Purpose: The central focus of this retrospective chart review is the comparison
of survival rates for dental implants placed by residents in Oral and Maxillofacial
Surgery and Graduate Periodontics in coordination with restorative treatment
provided by residents in Graduate Prosthodontics at the University of Minnesota
School of Dentistry.
Materials and Methods: Records for 246 patients treated at the University of
Minnesota School of Dentistry, Minneapolis, Minnesota between 1994 and 2008
met the inclusion criteria for this study. Potential records were initially identified
using an existing database maintained by the school’s Implant Program that
contains dates, record numbers, implant types, and departmental affiliations of
the restorative and surgical clinicians who planned the implant surgeries. A total
of 968 patients with 2,591 implants in this database had a resident in Graduate
Prosthodontics listed as the restorative clinician and a resident associated with
either Oral and Maxillofacial Surgery or Graduate Periodontics listed as the
surgical clinician. The 246 records in this review were selected based on the
patient having a recorded visit to any department in the School of Dentistry
within the last 12 months. Approval for this review was obtained through the
Institutional Review Board. The principle investigator performed a manual review
of the patient records and collected data relating to implant survival, grafting,
restoration survival, and technical complications. Statistical analysis was
performed by consultants from the Biostatistical Design and Analysis Center.
Results: A final total of 228 patients and 707 implants were available for
analysis. The exclusion of 17 charts was based on final implant placement
being performed by faculty or restorative work provided by faculty or dental
students. A total of 39 failures were observed in 29 patients. The 5-year
survival rate for all implants observed in this study was 95.3%, which includes
failures due to implant fracture (0.99%). Oral and Maxillofacial Surgery residents
treated 106 patients with 329 implants and a 5-year survival rate of 95.4%.
Graduate Periodontics residents treated 134 patients with 378 implants and a 5-
year survival rate of 96.9%. Survival rates for both departments were calculated
without failures due to implant fracture. Accepting a threshold value for
significance of p<0.05, Cox Proportional Hazards Regression demonstrated no
significant difference in survival rates between the two departments as the pvalues
obtained were 0.59 when all failures were included and 0.4 when failures
due to fracture were excluded.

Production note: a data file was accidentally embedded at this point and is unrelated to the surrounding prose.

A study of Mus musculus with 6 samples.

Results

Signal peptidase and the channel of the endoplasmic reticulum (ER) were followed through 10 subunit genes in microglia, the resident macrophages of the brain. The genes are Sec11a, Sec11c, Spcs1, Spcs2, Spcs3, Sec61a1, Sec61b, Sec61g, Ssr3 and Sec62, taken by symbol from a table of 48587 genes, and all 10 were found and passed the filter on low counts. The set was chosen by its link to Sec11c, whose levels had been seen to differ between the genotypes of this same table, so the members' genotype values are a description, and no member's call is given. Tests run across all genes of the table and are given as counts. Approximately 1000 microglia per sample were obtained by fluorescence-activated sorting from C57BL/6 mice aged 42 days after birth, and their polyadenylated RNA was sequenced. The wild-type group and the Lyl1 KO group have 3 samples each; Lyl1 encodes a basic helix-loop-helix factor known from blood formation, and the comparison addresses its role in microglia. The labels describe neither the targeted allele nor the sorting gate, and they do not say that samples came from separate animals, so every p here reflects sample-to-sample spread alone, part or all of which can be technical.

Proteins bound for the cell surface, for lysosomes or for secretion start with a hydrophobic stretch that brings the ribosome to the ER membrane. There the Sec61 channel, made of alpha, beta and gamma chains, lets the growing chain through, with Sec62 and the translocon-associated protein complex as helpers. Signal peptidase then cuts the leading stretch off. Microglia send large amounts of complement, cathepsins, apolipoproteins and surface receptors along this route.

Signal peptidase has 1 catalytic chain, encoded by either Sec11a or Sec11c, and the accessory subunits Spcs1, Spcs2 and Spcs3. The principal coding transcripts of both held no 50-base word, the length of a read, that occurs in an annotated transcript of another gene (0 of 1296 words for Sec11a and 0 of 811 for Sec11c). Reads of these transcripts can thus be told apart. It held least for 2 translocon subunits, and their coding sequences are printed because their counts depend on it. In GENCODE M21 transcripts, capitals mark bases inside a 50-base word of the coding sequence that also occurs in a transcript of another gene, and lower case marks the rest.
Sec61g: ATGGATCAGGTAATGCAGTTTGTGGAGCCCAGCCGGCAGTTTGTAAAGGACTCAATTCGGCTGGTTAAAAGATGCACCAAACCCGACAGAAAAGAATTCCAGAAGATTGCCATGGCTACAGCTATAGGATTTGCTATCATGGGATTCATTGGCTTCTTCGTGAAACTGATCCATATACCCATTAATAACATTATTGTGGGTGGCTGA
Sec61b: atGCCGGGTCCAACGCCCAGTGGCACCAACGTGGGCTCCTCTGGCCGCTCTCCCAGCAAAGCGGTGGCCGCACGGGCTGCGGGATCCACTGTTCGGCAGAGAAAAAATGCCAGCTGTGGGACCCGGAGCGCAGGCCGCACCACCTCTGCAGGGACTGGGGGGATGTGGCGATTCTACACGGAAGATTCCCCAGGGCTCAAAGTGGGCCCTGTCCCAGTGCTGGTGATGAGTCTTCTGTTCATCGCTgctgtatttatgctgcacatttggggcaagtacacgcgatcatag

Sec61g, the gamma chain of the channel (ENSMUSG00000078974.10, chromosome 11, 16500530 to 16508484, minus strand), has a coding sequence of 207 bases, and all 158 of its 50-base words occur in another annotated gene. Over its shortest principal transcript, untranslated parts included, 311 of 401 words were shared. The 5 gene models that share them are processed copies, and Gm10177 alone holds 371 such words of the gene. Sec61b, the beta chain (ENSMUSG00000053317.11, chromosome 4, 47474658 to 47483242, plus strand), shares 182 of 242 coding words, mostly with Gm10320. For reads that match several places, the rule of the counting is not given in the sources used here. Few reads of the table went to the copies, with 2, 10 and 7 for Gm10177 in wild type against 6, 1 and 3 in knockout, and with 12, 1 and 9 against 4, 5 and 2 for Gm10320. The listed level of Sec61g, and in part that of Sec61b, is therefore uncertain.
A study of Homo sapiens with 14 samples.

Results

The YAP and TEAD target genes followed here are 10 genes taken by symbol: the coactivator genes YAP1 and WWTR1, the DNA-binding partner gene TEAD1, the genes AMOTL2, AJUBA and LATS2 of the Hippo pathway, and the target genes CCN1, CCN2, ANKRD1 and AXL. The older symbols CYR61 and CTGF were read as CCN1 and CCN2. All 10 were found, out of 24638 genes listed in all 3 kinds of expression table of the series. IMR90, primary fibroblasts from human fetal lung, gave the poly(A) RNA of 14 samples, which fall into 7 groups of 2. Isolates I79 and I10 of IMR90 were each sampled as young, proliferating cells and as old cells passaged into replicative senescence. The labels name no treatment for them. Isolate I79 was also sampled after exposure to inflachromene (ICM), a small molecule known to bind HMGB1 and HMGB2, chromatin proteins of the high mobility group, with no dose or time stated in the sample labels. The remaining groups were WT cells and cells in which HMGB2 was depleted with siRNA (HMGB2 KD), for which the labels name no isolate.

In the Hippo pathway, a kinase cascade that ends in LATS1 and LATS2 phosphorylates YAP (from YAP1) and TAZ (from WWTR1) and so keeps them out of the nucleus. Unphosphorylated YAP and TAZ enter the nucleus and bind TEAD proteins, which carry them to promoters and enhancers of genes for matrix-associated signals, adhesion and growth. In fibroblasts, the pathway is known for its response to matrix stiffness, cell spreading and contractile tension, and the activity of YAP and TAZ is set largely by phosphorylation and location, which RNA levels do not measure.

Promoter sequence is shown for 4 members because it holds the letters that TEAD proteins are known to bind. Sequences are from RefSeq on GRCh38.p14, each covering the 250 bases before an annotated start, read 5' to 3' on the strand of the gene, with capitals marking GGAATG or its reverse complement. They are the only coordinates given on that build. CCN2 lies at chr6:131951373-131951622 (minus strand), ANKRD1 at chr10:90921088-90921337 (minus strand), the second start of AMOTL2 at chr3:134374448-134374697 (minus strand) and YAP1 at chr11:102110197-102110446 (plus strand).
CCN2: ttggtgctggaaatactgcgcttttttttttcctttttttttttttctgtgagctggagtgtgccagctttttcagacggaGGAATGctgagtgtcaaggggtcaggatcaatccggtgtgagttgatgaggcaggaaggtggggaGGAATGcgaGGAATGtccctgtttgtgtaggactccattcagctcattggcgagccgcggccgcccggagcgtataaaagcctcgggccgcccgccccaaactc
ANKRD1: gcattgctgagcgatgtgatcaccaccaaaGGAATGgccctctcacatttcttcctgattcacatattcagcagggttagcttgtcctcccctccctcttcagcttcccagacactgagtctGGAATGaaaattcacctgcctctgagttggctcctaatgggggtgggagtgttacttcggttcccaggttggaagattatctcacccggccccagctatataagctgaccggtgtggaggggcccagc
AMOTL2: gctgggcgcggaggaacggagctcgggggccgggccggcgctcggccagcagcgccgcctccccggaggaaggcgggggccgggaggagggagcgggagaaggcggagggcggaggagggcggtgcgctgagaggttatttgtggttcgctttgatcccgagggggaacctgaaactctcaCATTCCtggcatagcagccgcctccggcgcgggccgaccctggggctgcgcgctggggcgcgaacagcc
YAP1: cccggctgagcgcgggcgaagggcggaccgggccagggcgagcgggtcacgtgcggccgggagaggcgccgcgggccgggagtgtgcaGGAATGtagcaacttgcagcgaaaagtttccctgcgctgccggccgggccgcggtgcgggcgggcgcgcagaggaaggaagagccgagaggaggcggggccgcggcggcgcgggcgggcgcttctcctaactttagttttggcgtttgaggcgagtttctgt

Prosthetic utilization of the implants included single crowns (49.65%),
fixed partial dental prostheses (23.76%), mandibular fixed complete dental
prostheses (9.90%), maxillary removable complete dental prostheses with
implant supported fixed bars (6.65%), mandibular removable complete dental
prostheses with implant supported fixed bars (3.54%), two-implant retained
mandibular removable complete dentures (1.42%), and other restoration designs
(2.69%). Seventeen sites (2.40%) were not restored with implant support as
planned. The 5 year survival rates for single crowns (SC 83%) and fixed partial
dental prostheses (FPD 89%) were obtained using life table analysis. The 5 year
complication rates included luting cement fracture (SC 14%, FPD 47%), screw
loosening (SC 12%, FPD 5%), screw fracture (SC 3%, FPD 2%), and porcelain
fracture (SC 5%, FPD 1%). Complication and failure counts were provided for
the remaining prosthetic types.
Conclusions: Within the limitations of this review, and in light of results found in similar studies, the 5 year survival rate of 95.3% for all dental implants placed by
residents in Oral and Maxillofacial Surgery and Graduate Periodontics at the
University of Minnesota School of Dentistry further demonstrates that
satisfactory and predictable survival outcomes can be achieved by clinicians at
this level of training. Statistical analysis revealed no significant differences in
survival based only on the departmental affiliation of residents placing the
implants. Residents in Graduate Prosthodontics provided the restorations for
these implants; however, the 5 year survival and complication rates for the
restorations were further removed from corresponding values established in the
dental literature. This may have proceeded from the inclusion criteria for this
review that selected charts having dental school visits within the last 12 months. The unexpected variances in the restoration survival and complication rates
warrant further investigation and demonstrate the long term treatment
information that must be communicated to patients as part of their planning and
consent process. Implant survival rates alone do not adequately summarize
University of Minnesota M.S. thesis. April 2011. Major: Dentistry. Advisor: John K. Schulte. 1 computer file (PDF); ix, 80 pages.
DeWitt, Brandon D.D.S..
A review of clinical outcomes associated With dental implant treatment performed by residents in advanced training programs at the University of Minnesota School of Dentistry.